High winds and heavy rains always cause provisional things to tumble out of our trees—small branches and birds’ nests, but also errant Frisbees and Nerf darts and what’s left of a rope swing made for a child long since grown. When the rains finally let up recently, I wasn’t surprised to see an unfamiliar object on the deck outside my back door. By the time I found it, though, it was soaked, and in the near-dark I couldn’t quite make out what it was. I’ve seen both barred owls and Great Horned owls in this yard—could it be an owl pellet?
At slightly longer than three inches it was awfully big for one, though Great Horned owls have been known to regurgitate pellets that large. Its shape and color and its position on the back deck, just below a seventy-year-old maple tree plenty tall enough to attract an owl in search of a hunting perch, certainly pointed to that possibility. And yet: there were no bones in the outside layer, no teeth or beaks or claws poking up. Even on the outside, owl pellets almost always display some visible remainder of a meal.
When pictures on Google could neither confirm nor rule out the ID, I did what I always do when I’m confused: I posted the picture to Facebook and asked for help from the Tennessee Naturalists group where I often lurk.
They, too, thought it was likely too big to be an owl pellet. They too observed the lack of undigested body parts. And they noticed some other problems, as well: “The longer hairs don’t seem to be from their usual prey,” one naturalist observed. “The fur looks like deer,” noted another. “If you spot an owl taking out a deer, please record video.”
Naturalists can be real wags.
The discussion shifted to the possibility that this object had emerged from another kind of creature altogether—and from the other end of the creature as well: “For me, the lack of visible bones, the ‘looseness’ of the structure, especially with all the free hairs (though soaking rain might cause a pellet to soften and start to come apart), and what appear to be quite a few conifer needles (suggesting this animal was eating from the ground) have me leaning towards mammal scat,” wrote one of the naturalists. “None of these rule out pellet definitively though. The rounded shape does seem more like a pellet than a carnivore scat.”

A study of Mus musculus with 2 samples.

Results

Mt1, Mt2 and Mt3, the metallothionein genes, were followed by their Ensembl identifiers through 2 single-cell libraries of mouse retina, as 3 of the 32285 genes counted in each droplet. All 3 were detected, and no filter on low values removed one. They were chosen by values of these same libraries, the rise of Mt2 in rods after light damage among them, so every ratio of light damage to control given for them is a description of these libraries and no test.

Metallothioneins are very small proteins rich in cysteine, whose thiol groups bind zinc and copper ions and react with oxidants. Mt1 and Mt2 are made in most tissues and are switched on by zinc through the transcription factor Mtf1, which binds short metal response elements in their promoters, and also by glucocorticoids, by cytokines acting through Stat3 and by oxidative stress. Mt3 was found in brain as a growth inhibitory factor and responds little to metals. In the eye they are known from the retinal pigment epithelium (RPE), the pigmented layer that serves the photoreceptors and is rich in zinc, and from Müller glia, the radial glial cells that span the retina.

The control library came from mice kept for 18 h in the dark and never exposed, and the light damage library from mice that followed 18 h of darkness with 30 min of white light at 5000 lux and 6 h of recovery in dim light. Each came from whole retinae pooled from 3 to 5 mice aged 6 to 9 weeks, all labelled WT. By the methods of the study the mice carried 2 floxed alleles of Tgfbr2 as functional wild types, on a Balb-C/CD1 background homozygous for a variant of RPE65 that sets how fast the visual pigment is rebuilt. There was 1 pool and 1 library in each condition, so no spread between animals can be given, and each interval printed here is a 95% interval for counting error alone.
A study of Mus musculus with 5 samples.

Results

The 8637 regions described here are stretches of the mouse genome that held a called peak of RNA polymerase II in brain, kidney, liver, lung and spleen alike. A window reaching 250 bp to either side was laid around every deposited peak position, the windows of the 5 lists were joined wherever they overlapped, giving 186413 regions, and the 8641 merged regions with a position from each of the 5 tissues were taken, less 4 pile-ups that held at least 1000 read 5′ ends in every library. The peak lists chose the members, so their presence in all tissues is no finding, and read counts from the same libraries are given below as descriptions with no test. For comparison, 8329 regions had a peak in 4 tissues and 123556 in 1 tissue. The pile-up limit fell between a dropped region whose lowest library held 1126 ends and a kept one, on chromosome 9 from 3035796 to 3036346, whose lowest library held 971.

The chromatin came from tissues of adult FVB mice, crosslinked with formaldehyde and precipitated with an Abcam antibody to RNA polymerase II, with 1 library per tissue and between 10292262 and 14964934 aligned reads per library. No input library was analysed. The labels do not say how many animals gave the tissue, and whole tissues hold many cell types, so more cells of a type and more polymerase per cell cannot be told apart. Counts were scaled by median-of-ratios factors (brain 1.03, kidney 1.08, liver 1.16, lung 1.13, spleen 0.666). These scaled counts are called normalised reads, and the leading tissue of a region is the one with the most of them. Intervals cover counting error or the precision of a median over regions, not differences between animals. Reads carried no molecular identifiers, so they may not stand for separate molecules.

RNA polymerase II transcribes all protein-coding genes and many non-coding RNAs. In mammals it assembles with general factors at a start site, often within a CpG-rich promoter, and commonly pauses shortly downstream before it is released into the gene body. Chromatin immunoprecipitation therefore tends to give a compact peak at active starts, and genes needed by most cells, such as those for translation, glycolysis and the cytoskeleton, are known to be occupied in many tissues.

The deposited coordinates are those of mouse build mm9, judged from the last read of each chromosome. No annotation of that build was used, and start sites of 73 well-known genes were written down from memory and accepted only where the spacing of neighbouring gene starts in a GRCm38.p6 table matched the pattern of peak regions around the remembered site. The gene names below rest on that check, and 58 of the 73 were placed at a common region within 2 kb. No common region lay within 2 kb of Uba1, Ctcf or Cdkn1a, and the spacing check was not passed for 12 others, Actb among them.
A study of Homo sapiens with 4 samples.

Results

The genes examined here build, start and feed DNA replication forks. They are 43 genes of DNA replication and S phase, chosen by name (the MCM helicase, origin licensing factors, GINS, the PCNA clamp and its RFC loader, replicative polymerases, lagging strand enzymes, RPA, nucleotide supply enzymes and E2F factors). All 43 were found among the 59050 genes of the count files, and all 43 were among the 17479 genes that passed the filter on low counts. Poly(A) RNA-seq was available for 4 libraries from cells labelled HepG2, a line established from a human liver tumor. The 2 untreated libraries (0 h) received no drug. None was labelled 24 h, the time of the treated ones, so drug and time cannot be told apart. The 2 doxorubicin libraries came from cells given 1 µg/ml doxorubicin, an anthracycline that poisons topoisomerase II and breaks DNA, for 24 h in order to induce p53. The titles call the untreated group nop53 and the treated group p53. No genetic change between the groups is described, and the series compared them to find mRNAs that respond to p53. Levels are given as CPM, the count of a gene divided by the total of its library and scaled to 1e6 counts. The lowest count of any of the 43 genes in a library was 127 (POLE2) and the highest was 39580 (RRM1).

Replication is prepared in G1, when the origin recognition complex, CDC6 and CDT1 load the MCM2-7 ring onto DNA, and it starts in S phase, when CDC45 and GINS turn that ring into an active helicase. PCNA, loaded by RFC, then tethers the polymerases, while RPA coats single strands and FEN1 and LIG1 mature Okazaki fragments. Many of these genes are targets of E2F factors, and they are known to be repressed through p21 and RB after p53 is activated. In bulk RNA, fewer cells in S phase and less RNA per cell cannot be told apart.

The carnivore most likely to produce waste of this particular shape, size, and color is a coyote. Behind our house there’s a small patch of woods, a city easement of three or four acres that runs between the lots on our end of the street and the lots on a parallel street. One of my neighbors is convinced her dog was killed by coyotes in those woods. But the number of unmolested cats around here has always made me think that coyotes don’t live in our neighborhood so much as pass through it on occasion. Could one of those furtive creatures possibly be bold enough to relieve itself on our deck?
Out of nothing more than hope, I did a little more clicking around online and brought myself back to believing I had an owl pellet on my hands, and a really large one at that. “I think I’ll bring it in and let it dry out for a few days and then cut into it,” I told the naturalists. With a promise to post pictures documenting the dissection, I grabbed some kitchen tongs and went back outside to lift my prize onto a small saucer. As soon as I picked it up I knew it was too light to be any kind of dung. There was no doubt now—I’d found my first owl pellet!
I brought it inside and showed it to my husband. “Something wonderful fell out of the tree next to the deck,” I said. “Guess what it is.”
He looked at the drenched object I was holding out on a teacup saucer. A wary look crossed his face. He chose his words carefully: “What do you think it is?”
“I’m not absolutely sure, but I think it’s an owl pellet, most likely from a Great Horned owl. It’s awfully large for an owl pellet, even for an owl that big, but I’ve been looking at pictures online and it’s definitely….” By then he was visibly struggling for composure. I stopped. “What?”
“Remember this morning, when you thought the vacuum cleaner was busted? Turns out there was just a wad of stuff plugging up the hose.”
Not deer fur: dog hair. Not evidence of a ground forager: Christmas-tree needles. And I couldn’t decide which was worse: disappointment or embarrassment.
Over on Facebook, the wags were amused: “A Hoover pellet,” wrote one. “A Hoover hooter pellet,” added another.